Vera (Dobler) Knodel Strobel -- 1998
Vera (Dobler) Knodel Strobel, nearly 92, died of cancer at the home
of her daughter Janette and husband Gene Amman on Saturday, Aug. 22, 1998.
Vera was born Aug. 31, 1906, to Christian Dobler Jr. and Sophia Grosshans
in the Globeville district of Denver.
From age one to six Vera lived on a homestead near Winner, Tripp County,
SD, near Sophia's father. From age 8 to 10 they lived on a farm near
Kellerton, Iowa. In 1916 Chris and Sophia homesteaded near Lake Charles,
A hurricane in 1918 destroyed their homestead. Vera's mother died in
December 1921 and in 1922 her father moved his family to Stockham, Neb.,
to live among her mother's people, the Grosshans.
While visiting her father's family in the German-Russian Settlement
at Bethune, she met Gottlieb (Jim) Knodel, a widower. In 1930 she
married Jim and became stepmother to Esther and Ruby Knodel. To this
union were born Jeanette, Paul and Alice. Jim died in 1942 at the
age of 43.
In 1959 Vera married widower Christ Strobel Jr. of Lodi, Calif., where
she became stepmother to Clarence, Robert, Violet, Virginia, Beverly and
June. Chris was deaf so Vera became his "ears" and he her inspiration.
They enjoyed many good years together.
From 1990 until her death on Aug. 22, 1998, Vera made her home in Ogden,
Utah, with Gene and Jeanette.
Vera is survived by all of her children, stepchildren and their spouses.
There are also many grandchildren.
Vera loved life and never gave up her quest for knowledge. She loved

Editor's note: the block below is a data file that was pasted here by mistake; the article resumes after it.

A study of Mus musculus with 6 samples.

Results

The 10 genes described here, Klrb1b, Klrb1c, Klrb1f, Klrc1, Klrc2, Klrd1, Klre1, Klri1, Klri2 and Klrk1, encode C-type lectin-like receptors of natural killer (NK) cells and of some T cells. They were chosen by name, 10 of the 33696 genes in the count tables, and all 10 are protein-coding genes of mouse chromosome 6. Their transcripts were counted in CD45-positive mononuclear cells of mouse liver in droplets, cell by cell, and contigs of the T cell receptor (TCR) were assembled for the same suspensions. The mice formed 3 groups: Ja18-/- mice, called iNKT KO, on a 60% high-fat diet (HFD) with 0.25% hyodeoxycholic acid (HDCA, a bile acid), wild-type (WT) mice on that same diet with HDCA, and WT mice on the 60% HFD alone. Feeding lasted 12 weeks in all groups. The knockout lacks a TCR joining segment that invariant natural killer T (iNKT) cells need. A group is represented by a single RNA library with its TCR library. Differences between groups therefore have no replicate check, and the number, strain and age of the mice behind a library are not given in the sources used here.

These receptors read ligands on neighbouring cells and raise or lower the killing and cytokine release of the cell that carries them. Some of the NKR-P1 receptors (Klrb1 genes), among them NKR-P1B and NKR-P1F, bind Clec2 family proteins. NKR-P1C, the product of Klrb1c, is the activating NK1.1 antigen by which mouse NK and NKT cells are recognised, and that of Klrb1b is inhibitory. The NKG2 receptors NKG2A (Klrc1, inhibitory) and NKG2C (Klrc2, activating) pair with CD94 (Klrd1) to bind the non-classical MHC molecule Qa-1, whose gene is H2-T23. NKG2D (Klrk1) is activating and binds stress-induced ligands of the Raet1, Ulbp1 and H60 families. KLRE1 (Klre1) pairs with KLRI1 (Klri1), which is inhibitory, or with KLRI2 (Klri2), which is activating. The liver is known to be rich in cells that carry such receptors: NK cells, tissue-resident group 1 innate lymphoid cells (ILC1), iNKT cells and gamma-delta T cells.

to travel, in reality and also by reading books. She was interested
in history, natural science and botany. She loved to grow plants
and had quite a "green thumb." She had a remarkable memory and was very
interested in people. She liked music and studied and sang the hymns
of her forefathers. As a young mother, she sang songs popular at
the time, and she whistled while she worked.
Vera taught her children tolerance for other people's points of view
and an appreciation of other races and religions. She believed that
we are all God's children and there is room for all.
Like her ancestors, she was strong and [tenancious] tenacious.
Being a granddaughter of Christian Dobler Sr., a pioneer in the Settlement,
she felt a deep connection to the area. Family was extremely important
to her. Growing up far from relatives, she and Art prized and counted
their Nebraska and Colorado cousins.
In coming home to the prairie and the church called Hope she is reunited
with family and many others to whom she was linked by kinship and love.
She touched the lives of many. She lived by her religion, following
the Golden Rule and the Ten Commandments.
In life's many challenges she declared, "I will not be defeated!
Cast your bread upon the waters and it shall return to you."